Chinese students in Sydney are being targeted in a kidnapping scam forcing them to pay massive ransoms to fraudsters, Australian police say.

In many cases, blackmailed students were forced to stage their own kidnapping and send video proof to relatives in China to obtain funds.

Eight “virtual kidnappings” have been reported this year, including one where a US$1.43 million ransom was paid.




Victims had believed they or their loved ones were in danger, police said.

New South Wales Police said the scheme had “really increased in frequency throughout 2020” and was operating on an “industrial scale”.

They have urged students to immediately report any threatening calls they receive.



Call centre-type scam:

Authorities said the “call centre-type” scam was being operated offshore, which made it difficult to track.

It typically involves a fraudster pretending to be from the Chinese embassy or another authority, ringing victims and informing them that they have been implicated in a crime in China or are facing some other threat.

The scammers, who usually speak Mandarin, then demand the student pay ongoing fees in order to avoid arrest or deportation.

In some cases, the students are also convinced to cease contact with their family and friends, rent a hotel room and fake a hostage situation to obtain funds from their relatives overseas.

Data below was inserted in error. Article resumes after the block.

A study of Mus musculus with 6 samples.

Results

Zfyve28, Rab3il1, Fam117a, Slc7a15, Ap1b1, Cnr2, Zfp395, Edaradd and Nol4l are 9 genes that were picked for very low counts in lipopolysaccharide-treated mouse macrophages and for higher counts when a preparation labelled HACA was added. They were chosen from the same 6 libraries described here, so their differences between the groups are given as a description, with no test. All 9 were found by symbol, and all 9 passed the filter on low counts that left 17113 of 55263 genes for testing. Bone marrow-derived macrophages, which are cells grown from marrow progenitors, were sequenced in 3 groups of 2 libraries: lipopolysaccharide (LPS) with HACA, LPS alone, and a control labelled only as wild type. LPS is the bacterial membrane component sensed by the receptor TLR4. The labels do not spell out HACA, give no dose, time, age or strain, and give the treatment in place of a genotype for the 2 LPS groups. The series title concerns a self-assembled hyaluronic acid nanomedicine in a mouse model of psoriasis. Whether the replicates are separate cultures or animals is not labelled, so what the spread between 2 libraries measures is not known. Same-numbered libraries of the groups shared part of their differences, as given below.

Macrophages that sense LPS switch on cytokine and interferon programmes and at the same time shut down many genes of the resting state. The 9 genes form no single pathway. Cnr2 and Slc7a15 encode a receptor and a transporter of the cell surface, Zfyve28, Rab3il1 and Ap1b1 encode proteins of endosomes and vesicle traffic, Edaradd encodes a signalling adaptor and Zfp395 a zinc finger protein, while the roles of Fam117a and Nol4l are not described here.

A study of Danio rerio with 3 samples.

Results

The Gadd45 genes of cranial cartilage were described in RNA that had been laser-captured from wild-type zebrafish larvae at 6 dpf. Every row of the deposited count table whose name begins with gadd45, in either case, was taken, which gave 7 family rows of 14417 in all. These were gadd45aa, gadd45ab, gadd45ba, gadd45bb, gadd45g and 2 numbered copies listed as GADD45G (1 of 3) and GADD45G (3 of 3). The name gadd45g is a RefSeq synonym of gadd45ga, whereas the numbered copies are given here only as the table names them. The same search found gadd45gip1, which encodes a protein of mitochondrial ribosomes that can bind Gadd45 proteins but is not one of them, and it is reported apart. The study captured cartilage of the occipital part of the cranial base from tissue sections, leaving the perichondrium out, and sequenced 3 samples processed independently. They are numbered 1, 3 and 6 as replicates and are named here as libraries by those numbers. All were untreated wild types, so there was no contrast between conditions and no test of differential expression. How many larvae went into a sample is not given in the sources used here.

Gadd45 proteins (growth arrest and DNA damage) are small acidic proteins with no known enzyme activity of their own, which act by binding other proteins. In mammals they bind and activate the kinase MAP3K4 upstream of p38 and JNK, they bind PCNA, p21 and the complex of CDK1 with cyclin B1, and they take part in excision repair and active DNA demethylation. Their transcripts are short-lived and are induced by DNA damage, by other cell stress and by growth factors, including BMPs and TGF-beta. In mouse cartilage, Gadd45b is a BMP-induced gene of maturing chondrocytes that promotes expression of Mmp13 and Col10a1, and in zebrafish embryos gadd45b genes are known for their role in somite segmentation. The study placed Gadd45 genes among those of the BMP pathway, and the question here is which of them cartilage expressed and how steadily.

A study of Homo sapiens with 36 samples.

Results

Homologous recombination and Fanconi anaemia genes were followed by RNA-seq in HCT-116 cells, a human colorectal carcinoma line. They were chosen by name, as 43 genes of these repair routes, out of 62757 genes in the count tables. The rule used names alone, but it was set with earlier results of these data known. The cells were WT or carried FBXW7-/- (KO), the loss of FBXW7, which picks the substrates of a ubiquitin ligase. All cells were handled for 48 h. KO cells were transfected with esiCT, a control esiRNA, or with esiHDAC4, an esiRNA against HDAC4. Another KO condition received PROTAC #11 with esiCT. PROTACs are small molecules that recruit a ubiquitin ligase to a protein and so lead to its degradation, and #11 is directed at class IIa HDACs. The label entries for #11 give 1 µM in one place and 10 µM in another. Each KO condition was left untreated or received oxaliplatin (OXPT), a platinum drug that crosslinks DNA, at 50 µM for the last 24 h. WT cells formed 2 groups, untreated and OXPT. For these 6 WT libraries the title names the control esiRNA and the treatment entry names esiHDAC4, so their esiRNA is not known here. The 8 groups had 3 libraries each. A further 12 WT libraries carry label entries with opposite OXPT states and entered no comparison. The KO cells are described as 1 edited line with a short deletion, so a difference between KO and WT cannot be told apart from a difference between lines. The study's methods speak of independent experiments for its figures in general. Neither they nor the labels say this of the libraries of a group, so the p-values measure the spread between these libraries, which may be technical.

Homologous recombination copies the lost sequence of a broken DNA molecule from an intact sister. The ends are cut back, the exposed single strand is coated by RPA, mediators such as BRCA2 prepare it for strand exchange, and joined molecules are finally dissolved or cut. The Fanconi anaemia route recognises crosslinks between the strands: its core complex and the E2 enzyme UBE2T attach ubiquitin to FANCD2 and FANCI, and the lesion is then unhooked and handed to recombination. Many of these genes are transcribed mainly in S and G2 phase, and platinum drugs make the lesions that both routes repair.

When police were contacted they typically found the victim safe the next day. Often the victims felt too embarrassed or ashamed to report the crime.

“The victims of virtual kidnappings we have engaged are traumatised by what has occurred, believing they have placed themselves, and their loved ones, in real danger,” said NSW Police.

Police said the scam was operating on a mass scale, and appeared to involve a blitz of automated phone calls sent to anyone with a Chinese surname in the phone book.




“They cast their net very widely and they’re getting a few people who fall for it, which is very lucrative for them,” said Mr Bennett.

He noted that there had been a sharp increase in the past few months, where “pretty much every weekend we’ve had a victim fall for one of these scams.”

There have also been reports of such frauds occurring in New Zealand and the United States.